Buffalo lands on a lot of lists these days, and happily, mostly for good things.  Here is a list from a while back that points out one of Buffalo’s failings; as characterized by the Congress for New Urbanism’s John Norquist, our skyway is an albatross hanging from our collective neck.  

In fact, Norquist believes all skyways are a scourge to the sort of communities CNU promotes and strives for in a society where people are key, and transportation concerns should never cut a community off from its amenities.  This article from, along with the ariel view of an inarguably ugly roadway, gives salient reasons why freeways and skyways are a pox on modern culture.

This list of the top “Freeways Without Futures” includes our skyway, along with others like it, and offers: Cities
around the world are replacing urban highways with surface streets, saving
billions of dollars on transportation infrastructure and revitalizing adjacent
land with walkable, compact development. Transportation models that support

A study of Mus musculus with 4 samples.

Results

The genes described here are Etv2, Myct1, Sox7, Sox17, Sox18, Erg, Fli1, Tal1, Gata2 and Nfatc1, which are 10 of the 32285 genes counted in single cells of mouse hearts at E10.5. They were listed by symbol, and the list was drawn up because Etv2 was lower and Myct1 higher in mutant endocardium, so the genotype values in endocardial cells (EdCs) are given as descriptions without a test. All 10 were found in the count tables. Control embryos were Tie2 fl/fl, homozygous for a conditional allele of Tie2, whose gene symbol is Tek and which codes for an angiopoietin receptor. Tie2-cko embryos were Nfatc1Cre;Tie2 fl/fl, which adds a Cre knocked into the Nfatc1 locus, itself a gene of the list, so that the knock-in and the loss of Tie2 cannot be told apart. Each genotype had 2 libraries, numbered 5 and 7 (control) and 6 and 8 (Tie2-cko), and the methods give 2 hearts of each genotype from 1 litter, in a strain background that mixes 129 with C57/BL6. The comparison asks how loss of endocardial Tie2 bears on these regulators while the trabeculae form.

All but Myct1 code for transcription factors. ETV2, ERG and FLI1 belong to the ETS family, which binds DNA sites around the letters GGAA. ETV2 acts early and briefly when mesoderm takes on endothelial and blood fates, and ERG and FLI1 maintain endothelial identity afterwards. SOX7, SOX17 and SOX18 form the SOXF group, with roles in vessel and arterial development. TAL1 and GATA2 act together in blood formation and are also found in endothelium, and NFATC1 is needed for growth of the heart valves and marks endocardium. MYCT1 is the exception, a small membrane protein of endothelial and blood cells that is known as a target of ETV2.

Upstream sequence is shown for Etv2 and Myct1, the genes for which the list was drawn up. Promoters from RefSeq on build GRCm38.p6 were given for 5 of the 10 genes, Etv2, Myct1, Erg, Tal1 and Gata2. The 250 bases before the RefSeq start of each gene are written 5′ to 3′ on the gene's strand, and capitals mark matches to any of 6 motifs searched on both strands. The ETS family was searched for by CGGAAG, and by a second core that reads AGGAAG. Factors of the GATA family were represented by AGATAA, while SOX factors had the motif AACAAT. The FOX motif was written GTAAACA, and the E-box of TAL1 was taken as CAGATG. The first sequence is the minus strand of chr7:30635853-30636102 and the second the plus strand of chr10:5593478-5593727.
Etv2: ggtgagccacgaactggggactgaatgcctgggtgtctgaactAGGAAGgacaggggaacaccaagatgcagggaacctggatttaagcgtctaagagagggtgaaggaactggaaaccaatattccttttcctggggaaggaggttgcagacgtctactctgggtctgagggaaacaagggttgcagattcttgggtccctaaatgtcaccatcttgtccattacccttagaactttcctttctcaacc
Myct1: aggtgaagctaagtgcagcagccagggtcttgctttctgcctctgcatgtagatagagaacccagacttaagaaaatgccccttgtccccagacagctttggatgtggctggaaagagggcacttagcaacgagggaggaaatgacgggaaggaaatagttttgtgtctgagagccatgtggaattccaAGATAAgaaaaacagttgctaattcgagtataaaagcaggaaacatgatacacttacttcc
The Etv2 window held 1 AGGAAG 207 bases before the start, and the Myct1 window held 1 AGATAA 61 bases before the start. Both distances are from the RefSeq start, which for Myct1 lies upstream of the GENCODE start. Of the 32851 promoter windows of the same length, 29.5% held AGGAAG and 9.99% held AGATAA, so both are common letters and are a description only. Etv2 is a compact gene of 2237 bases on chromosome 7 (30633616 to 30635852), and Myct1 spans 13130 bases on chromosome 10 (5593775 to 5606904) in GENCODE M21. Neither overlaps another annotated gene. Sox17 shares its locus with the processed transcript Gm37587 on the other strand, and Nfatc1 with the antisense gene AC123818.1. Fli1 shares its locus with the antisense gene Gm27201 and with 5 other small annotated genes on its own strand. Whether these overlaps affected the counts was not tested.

connected street grids, improved transit, and revitalized urbanism will make
reducing gasoline dependency and greenhouse gas emissions that much more
convenient. It pays to consider them as cities evaluate their renewal
strategies — and as the U.S. evaluates its federal transportation and
climate policy.

Congressman Brian Higgins has been the most central character where the fate of the skyway is concerned.  In this article from last December, Higgins said that DOT findings pointed toward the removal of the skyway, though many feel that his forward movement on the Route 5 elevation will impede the possibility of removal of the skyway for decades.  Many, like Buffalo Niagara Riverkeeper, would like to see an at grade boulevard, developed and user-friendly, with access to the waterfront.
Who can forget the unveiling for the proposed Bass Pro when, just as Jordan Levy lifted the sheet from the model, the skyway toppled down to the applause and laughter of the entire crowd–until it was clear that it was an accident?
There have been other plans made for the skyway, from Tim Tielman’s Skyway Park, to Ran Webber’s Adaptive Reuse Project.
So what is it?  Are we stuck with the skyway for decades?  Should we light it up and learn to like it?  Is the Campaign for Greater Buffalo’s (Tielman’s) plan best?  Webber’s?  Be sure to comment here as well as vote in this week’s poll because we’re not so sure the CNU list of Freeways Without Futures is one we’d like to be on.